Despite numerous attempts to kill it, the venerable email still remains one of the most-used forms of digital communication today, especially in businesses. Although relatively more secure than that other ancient messaging technology, SMS, email has its own set of flaws that are triggered even by well-intentioned users. One such problem is known as a Reply-All Storm and Microsoft Office 365 is now implementing a way to prevent that from taking down the company’s email servers.
When you’re working for an organization with hundreds or even thousands of employees, it’s not unusual to receive an email that is addressed to all. Given how email clients both on the Web and on desktops have become so easy to use, it’s almost too easy to hit that “Reply All” button. Now imagine if even 10,000 employees all send a reply to the other 9,999 employees and you pretty much have the idea of how much of a strain such an email storm can be on the company’s email server.
No one, not even Microsoft, is immune to that and Redmond itself experienced first-hand how devastating a Reply All Storm can be. That’s why it promised at Microsoft Ignite last year that it would on a Reply-All protection system and after suffering another outage two months ago, it’s finally rolling it out to Office 365 customers.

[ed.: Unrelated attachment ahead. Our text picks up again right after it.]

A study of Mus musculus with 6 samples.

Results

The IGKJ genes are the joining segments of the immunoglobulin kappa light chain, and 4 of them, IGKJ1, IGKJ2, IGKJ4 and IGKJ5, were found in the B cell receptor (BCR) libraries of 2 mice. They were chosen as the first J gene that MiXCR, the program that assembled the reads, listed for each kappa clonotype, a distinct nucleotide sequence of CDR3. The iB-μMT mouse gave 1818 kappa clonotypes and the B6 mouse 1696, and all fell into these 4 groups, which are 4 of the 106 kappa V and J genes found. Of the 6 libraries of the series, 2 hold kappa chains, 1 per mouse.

It won’t block Reply-All’s outright but the protection will detect if there have been 10 such storms over 5,000 recipients in the last hour. If that condition has been triggered, it will block all replies to that thread for the next four hours and send an NDR (Non-Delivery Report) to the unwitting user who tried to reply to a gigantic distribution list.
As a server-side measure, it goes without saying that it will only apply to emails sent through the company’s Office 365 instance. It’s not going to protect the company or its employees from accidental Reply-All’s or, worse, accidental forwarding of emails that contain the entire company’s address book.